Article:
In 1746, Antoine Deparcieux (1703–1768) published Essai sur les probabilités de la durée de la vie humaine (An Essay on the Probabilities of the Duration of Human Life). Deparcieux analyzed in detail empirical observations. As a mathematician and physicist, he can be considered, after Halley and Struyck, one of the founders of the estimation of longevity and all the issues surrounding that concept.
Antoine Deparcieux was born in 1703 in Cessoux parish, Peyremale, a small village close to Alès in the Gard department the south of France. His family was poor. His father, Jean-Antoine Deparcieux, and mother, Jeanne Donzel, were peasants. Jean-Antoine died when Antoine was only 12 years old, and his elder brother, Pierre, who was a carpenter, raised him. The parish priest of Peyremale provided Antoine’s early education before he attended the school of the Jesuits of Ale's. Although we know that he spent some time at their school in Lyon (around 1725) in exchange for his labor, little information exists about this period in his life.
Deparcieux went to Paris around 1730. He became the collaborator, then the secretary of the geometer De Montcarville, who was a member of the French Academy of Sciences and a teacher at the Collège de France. Montcarville played an important part in Deparcieux’s career. Apparently, Deparcieux improved his mathematical and mechanical knowledge under Montcarville’s guidance and eventually became his assistant at the Collège de France. Meanwhile, Deparcieux learned to construct sundials and had the Duke of Nevers among his customers.
After the publication of Treatise on Trigonometry and Gnomons (1741), Deparcieux was elected to membership in the Royal Society of Sciences of Montpellier. Moreover, after the publication of Essay on the Probabilities of the Duration of Human Life in 1746, he was received at the Royal Academy of Sciences of Paris.
Although this essay allowed him to enter the academy, he was admitted as a physicist and mechanical engineer. On January 12, 1746, he read his essay during a session of the academy. Two weeks later, he was proposed as adjoint-mécanicien at the same time as the famous Vaucanson, who got the post. On February 16, 1746, Deparcieux was elected as adjoint-géomètre, then promoted to associé-géomètre on May 16, 1756, succeeding d’Alembert, who had been elected pensionnaire-surnuméraire. Deparcieux became Royal Censor in 1765 and then obtained an apartment at the Louvre and a yearly allowance. Eventually, Deparcieux was elected pensionnaire-géomètre-surnuméraire on June 11, 1768, and also became a member of the academies of Berlin, Stockholm, Metz, and Lyon.
During the early years of his activities at the Royal Academy, Deparcieux invented several machines. He devised an engine that elevated water at Crécy castle, a pump for Arnouville castle, and at the administration's request, a press for the preparation of tobacco. His greatest project concerning the river Yvette (Canal de l’Ourcq) was implemented only during the first empire. Although he seemed ready to forsake mathematics for mechanics, in 1760 he returned to the probabilities of the duration of life and published an addition to his 1746 essay on the subject.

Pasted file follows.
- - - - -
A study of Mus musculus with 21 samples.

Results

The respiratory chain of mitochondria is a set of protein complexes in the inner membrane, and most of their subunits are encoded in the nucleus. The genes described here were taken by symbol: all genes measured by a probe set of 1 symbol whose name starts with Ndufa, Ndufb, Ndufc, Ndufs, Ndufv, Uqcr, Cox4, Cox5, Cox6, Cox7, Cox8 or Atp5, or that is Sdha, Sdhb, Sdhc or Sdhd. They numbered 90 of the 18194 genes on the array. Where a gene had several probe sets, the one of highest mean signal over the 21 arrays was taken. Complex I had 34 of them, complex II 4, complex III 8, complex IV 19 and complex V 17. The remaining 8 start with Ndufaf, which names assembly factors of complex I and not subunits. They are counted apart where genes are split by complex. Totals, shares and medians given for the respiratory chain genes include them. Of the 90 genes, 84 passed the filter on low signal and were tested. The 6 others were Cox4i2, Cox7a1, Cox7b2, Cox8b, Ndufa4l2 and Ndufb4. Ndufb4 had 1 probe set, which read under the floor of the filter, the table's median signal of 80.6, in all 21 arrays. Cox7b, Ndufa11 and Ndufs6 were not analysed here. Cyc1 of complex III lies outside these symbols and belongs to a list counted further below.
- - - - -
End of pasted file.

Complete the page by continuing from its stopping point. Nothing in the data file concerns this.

After a discussion during one session in March 1768, the longtime secretary of the Royal Academy of Sciences, Grandjean de Fouchy, was invited to write an abstract of annual population changes for History of the Academy. The presentation of Jean Morand's memoir, containing a compilation of baptismal, marriage, and death records in Paris, led to this decision. The academicians asked Deparcieux to gather such data for the entire century. Unfortunately, he suffered from palsy and rheumatism for several years and was already so ill at the time of this assignment that he died 6 months later, on September 1, 1768.
After Addition to the Essay was published in 1760, Deparcieux worked on the revision of Essay during the last months of his life. His colleagues at the academy asked Charles de Borda and Achille Pierre Dionis du Séjour (1734–1794) to examine the unfinished manuscript. They thought that the third part of the book, which was about annuities, should be improved. Although Borda promised to do so, a new edition never appeared.
In 1758, Deparcieux was elected a foreign member of the Royal Swedish Academy of Sciences.
Deparcieux never married and had no children, reportedly saying that he simply had no time for it. His nephew and namesake (1753–1799), who inherited a large cabinet de physique from his great uncle, published Deparcieux's Traité des annuite's ou des rentes à vie in 1781.
- O'Connor, John J.; Robertson, Edmund F., "Antoine Deparcieux", MacTutor History of Mathematics archive, University of St Andrews.
- This article incorporates text from a publication now in the public domain: Wood, James, ed. (1907). "article name needed". The Nuttall Encyclopædia. London and New York: Frederick Warne.